1703 North Beauregard St.
Alexandria, VA 22311-1714
Tel: 1-800-933-ASCD (2723)
8:00 a.m. to 6:00 p.m. eastern time, Monday through Friday
Local to the D.C. area: 1-703-578-9600, press 2
Toll-free from U.S. and Canada: 1-800-933-ASCD (2723), press 2
All other countries: (International Access Code) + 1-703-578-9600, press 2
by David W. Johnson, Roger T. Johnson and Edythe Johnson Holubec
Table of Contents
Coming together is a beginning; keeping together is progress; working together is success.
Structuring cooperative learning involves more than seating a number of students close together and telling them to help each other. Many actions can hurt group efforts. Less able members sometimes “leave it to George” to complete the group's tasks, thus creating a free rider effect (Kerr and Bruun 1981) whereby group members expend decreasing amounts of effort and just go through the motions of teamwork. At the same time, “George” may expend less effort to avoid the sucker effect of doing all the work (Kerr 1983). While working in a group, students might also defer to high-ability group members, who may take over the important leadership roles in ways that benefit them at the expense of the rest of the group (the rich-get-richer effect). For example, a high-ability group member may give all the explanations of what is being learned. Because the amount of time spent explaining correlates highly with the amount learned, the more able member learns a great deal while less able members flounder as a captive audience. Group efforts can also be characterized by self-induced helplessness (Langer and Benevento 1978), diffusion of responsibility and social loafing (Latane, Williams, and Harkin 1979), reactance (Salomon 1981), dysfunctional divisions of labor (“I'm the thinkist and you're the typist”) (Sheingold, Hawkins, and Char 1984), inappropriate dependence on authority (Webb, Ender, and Lewis 1986), destructive conflict (Collins 1970, Johnson and Johnson 1979), ganging up against a task, and other patterns of behavior that debilitate group performance.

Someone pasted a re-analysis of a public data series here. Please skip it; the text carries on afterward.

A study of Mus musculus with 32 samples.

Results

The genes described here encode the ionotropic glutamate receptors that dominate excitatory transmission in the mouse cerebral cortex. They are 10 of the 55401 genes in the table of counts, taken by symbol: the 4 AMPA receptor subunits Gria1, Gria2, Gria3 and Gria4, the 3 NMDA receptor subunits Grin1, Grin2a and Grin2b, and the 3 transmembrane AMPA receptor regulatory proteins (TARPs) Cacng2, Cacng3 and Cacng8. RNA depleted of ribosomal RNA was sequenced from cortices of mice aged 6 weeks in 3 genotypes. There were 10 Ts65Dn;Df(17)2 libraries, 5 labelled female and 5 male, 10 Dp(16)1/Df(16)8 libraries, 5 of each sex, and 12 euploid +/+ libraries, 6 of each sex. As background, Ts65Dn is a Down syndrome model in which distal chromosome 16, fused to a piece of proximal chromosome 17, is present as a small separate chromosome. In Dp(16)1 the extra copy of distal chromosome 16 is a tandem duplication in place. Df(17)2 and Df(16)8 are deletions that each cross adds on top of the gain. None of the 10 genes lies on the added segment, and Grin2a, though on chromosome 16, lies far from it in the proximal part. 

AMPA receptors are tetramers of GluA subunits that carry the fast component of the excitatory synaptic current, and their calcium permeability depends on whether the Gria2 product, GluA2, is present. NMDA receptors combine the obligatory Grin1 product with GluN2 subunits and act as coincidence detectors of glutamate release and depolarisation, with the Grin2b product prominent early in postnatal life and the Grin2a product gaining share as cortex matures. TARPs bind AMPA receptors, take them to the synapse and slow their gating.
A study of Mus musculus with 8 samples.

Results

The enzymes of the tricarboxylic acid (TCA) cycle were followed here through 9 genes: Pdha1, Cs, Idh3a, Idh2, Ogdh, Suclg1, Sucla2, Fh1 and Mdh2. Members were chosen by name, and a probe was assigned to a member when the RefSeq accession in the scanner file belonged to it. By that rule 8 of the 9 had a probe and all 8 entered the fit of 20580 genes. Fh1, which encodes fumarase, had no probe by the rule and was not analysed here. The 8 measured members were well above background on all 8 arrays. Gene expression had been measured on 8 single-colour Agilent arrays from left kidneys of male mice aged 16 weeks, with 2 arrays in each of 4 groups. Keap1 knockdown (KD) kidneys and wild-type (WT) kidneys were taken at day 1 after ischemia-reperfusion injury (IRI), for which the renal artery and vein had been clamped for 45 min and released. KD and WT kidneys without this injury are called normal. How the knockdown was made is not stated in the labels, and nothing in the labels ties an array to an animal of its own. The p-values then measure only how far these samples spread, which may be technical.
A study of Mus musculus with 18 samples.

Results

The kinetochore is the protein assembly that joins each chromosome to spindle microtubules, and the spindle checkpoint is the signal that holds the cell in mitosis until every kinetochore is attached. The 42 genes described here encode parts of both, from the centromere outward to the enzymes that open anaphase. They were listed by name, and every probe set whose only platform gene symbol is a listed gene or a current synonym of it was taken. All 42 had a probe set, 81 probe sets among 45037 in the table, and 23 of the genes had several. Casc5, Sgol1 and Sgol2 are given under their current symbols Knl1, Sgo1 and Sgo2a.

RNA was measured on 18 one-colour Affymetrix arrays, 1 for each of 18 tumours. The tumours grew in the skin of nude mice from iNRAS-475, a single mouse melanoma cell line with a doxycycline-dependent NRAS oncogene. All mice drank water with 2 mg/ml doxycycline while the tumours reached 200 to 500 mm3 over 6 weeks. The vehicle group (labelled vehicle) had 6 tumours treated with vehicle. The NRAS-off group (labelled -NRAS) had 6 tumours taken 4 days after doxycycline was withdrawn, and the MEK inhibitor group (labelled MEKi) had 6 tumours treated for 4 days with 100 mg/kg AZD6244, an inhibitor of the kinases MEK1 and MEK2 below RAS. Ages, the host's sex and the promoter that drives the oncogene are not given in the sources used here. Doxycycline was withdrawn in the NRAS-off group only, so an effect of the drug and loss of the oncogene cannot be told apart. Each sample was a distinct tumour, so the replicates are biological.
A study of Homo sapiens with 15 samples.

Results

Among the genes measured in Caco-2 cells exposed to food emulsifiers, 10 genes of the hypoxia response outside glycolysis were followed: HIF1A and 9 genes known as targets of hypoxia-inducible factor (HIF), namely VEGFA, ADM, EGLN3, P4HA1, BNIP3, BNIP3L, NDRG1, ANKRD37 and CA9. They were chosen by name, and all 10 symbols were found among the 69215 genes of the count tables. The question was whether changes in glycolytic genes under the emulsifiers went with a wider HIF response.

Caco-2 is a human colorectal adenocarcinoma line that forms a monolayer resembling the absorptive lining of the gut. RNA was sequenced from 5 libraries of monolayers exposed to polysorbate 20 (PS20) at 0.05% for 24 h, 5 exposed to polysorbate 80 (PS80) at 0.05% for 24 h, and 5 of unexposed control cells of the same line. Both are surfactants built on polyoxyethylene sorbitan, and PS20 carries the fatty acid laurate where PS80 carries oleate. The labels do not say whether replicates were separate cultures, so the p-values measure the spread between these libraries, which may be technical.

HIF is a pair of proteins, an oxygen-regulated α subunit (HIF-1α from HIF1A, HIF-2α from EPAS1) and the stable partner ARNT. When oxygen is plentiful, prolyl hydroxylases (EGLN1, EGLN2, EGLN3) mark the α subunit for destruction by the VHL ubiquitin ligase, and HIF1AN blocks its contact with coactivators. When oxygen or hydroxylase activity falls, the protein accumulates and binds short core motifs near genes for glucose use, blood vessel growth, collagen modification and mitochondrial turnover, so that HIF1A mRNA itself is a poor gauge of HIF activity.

This book is not a member benefit, but sample chapters have been selected for your perusal.
To read further, purchase this book in the ASCD Online Store.
Copyright © 1994 by Association for Supervision and Curriculum Development. All rights reserved.
No part of this publication—including the drawings, graphs, illustrations, or chapters, except for brief quotations in
critical reviews or articles—may be reproduced or transmitted in any form or by any means, electronic or mechanical,
including photocopy, recording, or any information storage and retrieval system, without permission from ASCD.
Subscribe to ASCD Express, our twice-monthly e-mail newsletter, to have practical, actionable strategies and information delivered to your e-mail inbox twice a month.
ASCD respects intellectual property rights and adheres to the laws governing them. Learn more about our permissions policy and submit your request online.